Yesterday, Jim Cramer ended up in my Twitter stream somehow ranting about how Twitter needs to fire Dick Costolo. The stock has struggled of late for sure and management changes are happening in droves.
When CNBC does decide to talk about stocks and companies, it’s as an armchair quarterback, because the talking heads have not for the most part run their own businesses. Jim has some experience draining market value from The Street since 1999, so he would know about failed exec teams and boards. The Street has seen the stock peak at $47 in 1999 and settle in comfortably at $2 today.
Since Mark Hoffman took the helm of CNBC in 2005, he has enjoyed the 2008 crash and the birth of Twitter (here his is bio, he is supposedly a rare sighting at the studio according to people inside I have asked).
I am not going to say that Mark has the easiest TV job in the country, but the brand should not be as unwatchable as it has become. The markets are open all day and the smartest minds in the world are addicted to it. DRAMA 101.
Bloomberg stuck a few camera’s out west and now interviews every important founder and VC daily since 2009. Good content. topical, educational, interesting.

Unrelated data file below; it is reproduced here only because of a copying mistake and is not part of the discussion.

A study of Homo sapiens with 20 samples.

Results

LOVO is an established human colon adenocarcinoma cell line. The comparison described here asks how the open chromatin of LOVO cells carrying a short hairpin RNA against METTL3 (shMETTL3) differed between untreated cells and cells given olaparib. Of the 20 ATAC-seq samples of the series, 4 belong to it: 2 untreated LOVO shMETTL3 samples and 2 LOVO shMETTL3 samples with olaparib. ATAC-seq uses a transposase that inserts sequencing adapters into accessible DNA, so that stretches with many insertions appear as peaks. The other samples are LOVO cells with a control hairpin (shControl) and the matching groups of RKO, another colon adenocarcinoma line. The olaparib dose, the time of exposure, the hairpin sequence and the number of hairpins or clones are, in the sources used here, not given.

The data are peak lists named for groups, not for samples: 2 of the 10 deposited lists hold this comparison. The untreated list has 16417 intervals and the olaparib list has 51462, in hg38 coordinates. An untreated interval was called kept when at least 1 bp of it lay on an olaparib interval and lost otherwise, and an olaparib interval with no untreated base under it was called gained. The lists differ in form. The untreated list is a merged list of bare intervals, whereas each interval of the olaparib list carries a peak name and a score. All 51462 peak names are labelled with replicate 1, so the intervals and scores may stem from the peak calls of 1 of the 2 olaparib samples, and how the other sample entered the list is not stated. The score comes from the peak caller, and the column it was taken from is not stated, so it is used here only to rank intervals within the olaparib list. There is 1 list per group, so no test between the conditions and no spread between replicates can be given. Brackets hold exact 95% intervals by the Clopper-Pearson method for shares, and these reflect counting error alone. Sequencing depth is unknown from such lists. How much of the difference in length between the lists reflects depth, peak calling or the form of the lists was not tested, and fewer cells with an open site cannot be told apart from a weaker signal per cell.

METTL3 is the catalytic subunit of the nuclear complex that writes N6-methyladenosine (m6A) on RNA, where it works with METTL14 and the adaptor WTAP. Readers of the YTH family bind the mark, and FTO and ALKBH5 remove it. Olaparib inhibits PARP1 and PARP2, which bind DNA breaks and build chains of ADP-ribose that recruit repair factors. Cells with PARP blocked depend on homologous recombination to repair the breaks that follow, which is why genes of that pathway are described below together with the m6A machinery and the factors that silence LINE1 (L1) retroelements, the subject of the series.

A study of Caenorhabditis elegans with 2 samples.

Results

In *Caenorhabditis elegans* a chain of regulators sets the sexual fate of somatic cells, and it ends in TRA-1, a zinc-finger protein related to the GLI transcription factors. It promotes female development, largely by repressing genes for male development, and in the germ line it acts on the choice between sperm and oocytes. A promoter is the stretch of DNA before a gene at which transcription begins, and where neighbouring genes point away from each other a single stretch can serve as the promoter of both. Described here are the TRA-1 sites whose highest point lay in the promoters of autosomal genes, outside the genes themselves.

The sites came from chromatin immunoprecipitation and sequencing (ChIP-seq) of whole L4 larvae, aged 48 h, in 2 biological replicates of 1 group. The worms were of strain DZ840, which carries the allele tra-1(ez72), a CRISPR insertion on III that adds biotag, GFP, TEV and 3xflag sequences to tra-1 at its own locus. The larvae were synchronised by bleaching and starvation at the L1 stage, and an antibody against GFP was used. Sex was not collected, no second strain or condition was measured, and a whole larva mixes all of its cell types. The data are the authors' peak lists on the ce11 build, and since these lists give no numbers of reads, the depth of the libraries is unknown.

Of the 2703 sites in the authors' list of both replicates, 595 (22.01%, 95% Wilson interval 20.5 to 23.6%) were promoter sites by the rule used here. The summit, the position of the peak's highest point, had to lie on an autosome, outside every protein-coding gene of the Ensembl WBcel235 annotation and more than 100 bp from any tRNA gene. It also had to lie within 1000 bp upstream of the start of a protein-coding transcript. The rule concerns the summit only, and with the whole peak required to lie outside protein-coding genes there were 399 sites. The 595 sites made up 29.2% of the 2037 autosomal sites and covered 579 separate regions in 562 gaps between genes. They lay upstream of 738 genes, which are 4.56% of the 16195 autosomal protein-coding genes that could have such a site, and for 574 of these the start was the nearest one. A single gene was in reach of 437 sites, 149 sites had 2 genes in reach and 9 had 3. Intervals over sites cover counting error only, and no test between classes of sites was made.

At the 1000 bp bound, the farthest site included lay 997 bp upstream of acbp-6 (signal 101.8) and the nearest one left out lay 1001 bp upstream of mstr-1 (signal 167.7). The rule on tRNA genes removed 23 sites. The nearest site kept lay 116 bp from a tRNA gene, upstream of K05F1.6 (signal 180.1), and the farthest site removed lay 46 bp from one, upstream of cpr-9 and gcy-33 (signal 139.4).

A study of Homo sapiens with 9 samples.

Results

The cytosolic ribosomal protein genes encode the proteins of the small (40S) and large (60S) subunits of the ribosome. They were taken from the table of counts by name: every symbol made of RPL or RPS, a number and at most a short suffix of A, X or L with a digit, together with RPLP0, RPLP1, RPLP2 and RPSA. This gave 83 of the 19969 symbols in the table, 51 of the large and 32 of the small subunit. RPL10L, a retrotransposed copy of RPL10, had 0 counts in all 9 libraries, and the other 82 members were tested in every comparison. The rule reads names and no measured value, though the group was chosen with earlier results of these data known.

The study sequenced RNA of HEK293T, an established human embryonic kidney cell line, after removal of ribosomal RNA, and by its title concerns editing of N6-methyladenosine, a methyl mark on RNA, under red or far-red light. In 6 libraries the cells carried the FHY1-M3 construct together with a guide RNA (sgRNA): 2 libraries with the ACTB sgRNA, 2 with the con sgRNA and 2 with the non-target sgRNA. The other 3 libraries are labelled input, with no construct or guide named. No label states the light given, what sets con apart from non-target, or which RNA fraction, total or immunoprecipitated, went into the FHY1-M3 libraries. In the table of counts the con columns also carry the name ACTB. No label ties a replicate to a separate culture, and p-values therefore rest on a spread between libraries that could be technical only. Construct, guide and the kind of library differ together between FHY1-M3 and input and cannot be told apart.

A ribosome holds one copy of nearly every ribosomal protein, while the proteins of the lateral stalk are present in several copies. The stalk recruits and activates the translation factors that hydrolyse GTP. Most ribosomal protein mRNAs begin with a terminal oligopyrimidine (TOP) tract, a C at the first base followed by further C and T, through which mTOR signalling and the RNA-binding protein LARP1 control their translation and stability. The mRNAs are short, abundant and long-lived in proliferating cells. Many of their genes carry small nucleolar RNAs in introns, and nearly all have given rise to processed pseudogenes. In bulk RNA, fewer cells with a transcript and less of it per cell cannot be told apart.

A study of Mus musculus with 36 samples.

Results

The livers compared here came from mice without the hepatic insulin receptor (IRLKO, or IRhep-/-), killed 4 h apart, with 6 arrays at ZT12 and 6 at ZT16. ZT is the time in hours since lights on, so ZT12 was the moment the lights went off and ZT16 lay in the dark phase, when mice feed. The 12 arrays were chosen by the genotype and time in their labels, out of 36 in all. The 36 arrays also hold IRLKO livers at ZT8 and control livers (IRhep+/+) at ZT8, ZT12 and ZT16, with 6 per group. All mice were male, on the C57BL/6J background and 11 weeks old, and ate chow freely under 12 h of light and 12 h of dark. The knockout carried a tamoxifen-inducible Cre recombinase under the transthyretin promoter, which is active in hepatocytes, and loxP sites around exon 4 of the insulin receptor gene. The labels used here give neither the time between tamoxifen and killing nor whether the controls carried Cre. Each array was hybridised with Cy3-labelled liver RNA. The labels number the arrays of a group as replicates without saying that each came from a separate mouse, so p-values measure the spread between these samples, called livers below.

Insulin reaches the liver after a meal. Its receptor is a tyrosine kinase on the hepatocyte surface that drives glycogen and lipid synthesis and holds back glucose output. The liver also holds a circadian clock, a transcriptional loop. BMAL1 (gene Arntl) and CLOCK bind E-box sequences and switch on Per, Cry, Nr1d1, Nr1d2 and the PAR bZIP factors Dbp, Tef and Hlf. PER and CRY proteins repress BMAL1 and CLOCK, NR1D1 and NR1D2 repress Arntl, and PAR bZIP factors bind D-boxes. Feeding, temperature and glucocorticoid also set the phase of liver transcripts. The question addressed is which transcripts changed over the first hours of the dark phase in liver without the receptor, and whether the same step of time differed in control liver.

Mark Hoffman has the Comcast empire under which to build something watchable. He has not. Here is the Wikipedia page,. Uninspiring from top to bottom.
I can’t find a vision statement.
I can’t find any of their digital ticker pages and stories in a standard google search ‘ticker or ‘news’ lookup.
If it was not for Twitter, which they seem to spend a lot of time discussing, they would not be relevant at all. ESPN has done a fantastic job weaving in Twitter to grow their brands and audience. CNBC cheapens twitter with their ‘TWICKER’ (Twitter Ticker) and their inability to grow digital or mobile in the digital and mobile era. Hoffman should shoulder this blame.
These problems all start at the top with Hoffman, so while we have calls for Twitter’s head at the $24 billion company, it might just be time to look at the head of CNBC who is lucky to be hiding out inside the Comcast empire.
I say Mark is on borrowed time and needs to be removed for CNBC quickly or Bloomberg and the web will crush the network at an accelerating pace.